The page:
BY JOHN A. DARNELL JR.
Mr. Terry Samuels, former principal at West Blvd. Elementary School and Center Middle School, stepped down this June as an athletic academic advisor at Youngstown State University, ending a career in education that spanned a half-century.
Mr. Samuels began that career in 1961-62 when he taught sixth grade in the Boardman Local Schools.
In 1965-66, he served as principal of Milton and Pricetown Schools, and the following year became principal at Dobbins Elementary School in Poland. The following year he served as principal of the Poland Union School, before returning to the Boardman Local School District where he served as principal at West Blvd. Elementary School from 1970 to 1991.
From the 1991-92 school year through 1994, he served as principal of Center Middle School, before retiring from the Boardman System.
But he wasn’t done with education, and from 1994 through 2004, Mr. Samuels was employed as a bus driver with Boardman Local Schools.
That job didn’t seem to satisfy his desire to serve as an educator, so from 1994 through this June, he was an academic athletic advisor at YSU.
“I couldn’t have asked for a better career,” Mr. Samuels said this week, adding it will bother him to leave education.
“It has been my whole life,” he said.
The lifelong educator was known in Boardman for not mincing his words when it came to issues confronting him.
He described his tenure at West Blvd. Elementary School as “absolutely the best. Our staff made the difference and we had a great relationship, able to adjust our curriculum and activities to meet the needs of our students.”
At Center Middle, Mr. Samuels said serving as the administrator of a large school with a diverse student and teacher population was “quite a ride.”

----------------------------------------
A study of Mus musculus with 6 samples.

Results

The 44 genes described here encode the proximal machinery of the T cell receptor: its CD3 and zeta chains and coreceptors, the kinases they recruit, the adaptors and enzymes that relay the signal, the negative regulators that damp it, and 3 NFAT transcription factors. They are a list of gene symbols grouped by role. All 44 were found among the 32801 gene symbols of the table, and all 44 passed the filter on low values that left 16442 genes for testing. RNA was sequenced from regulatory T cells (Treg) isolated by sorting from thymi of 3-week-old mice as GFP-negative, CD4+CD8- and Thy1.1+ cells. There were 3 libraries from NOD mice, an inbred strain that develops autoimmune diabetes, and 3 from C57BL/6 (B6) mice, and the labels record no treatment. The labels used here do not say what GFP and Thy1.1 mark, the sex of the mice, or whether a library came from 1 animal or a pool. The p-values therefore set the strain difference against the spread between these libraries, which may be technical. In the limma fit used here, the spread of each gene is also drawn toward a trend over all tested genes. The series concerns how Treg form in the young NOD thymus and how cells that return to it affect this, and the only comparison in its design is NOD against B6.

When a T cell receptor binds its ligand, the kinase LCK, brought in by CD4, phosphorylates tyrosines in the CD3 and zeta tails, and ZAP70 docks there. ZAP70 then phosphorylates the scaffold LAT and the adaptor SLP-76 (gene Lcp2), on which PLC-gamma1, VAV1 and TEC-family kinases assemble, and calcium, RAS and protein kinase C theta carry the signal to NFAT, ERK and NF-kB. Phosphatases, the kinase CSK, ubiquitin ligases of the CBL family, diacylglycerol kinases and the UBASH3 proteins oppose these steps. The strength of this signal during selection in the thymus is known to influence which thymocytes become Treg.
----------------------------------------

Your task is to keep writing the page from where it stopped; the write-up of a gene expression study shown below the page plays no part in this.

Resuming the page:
After serving for some 34 years as a teacher and principal. Mr. Samuels said the change to a school bus driver was welcomed.
“I never really had any trouble on my bus. The kids and their parents should me respect, and in turn, I should them respect,” he said.
“I loved being a school bus driver. And I’ll tell you something...The parents and their children were so kind. I couldn’t believe it,” said Mr. Samuels.
One day following his retirement as a middle school principal, Mr. Samuels said a neighbor, Jim Tressel, head grid coach at Youngstown State University, suggested they take a ride to the university. On the way, Coach Tressel suggested Mr. Samuels could join the YSU team as an athletic academic advisor.
“I accepted that job and for the next 17 years loved being at YSU,” Mr. Samuels said, noting the college kids weren’t much different that elementary and middle school students.
“They are seek love, support and a sense of dignity. They want guidance,” he said, noting at YSU “the big thing was to get the kids through college with a degree. And we did that.
“During my time at Youngstown, we had a graduation rate of at least 93 per cent every year among our student-athletes.”
After a half-century in public education, Mr. Samuels believes local school districts need more local control over their systems.
“The federal government, for the amount of money it spends, hasn’t been very effective; and in local school districts, teaching to state standards takes away from the creativity teachers have. They too often are too concerned they have to meet those standards,” Mr. Samuels said.
Terry and his wife, Marilyn, celebrated their 47th wedding anniversary on June 13, returning from a trip to Texas where their son, Capt. Mark Samuels, was installed as a commander of a U.S. Naval Reserve Center. A daughter, Lynn, is a stay-at-home mother of three children in Columbus.
Mr. Samuels grew up on Leighton Ave. in Boardman and graduated from the Boardman Local Schools in 1957 under Supt. Irv Nisonger.
He went on to earn an undergraduate degree from Bowling Green State University, and a master’s degree from Westminster College. That wasn’t quite enough to satisfy his academic appetite, so he did post-graduate work at The Kent State University, as well as Youngstown and Akron State Universities.
In a half-century, times have changed in education.
“You know,” Mr. Samuels said this week, “everyday while I was principal at West Blvd., we opened the school day with a reading from the Old Testament.”
Mr. Samuels and his wife are members of Trinity United Methodist Church in Youngstown where he is a lay speaker and chairman of the worship committee.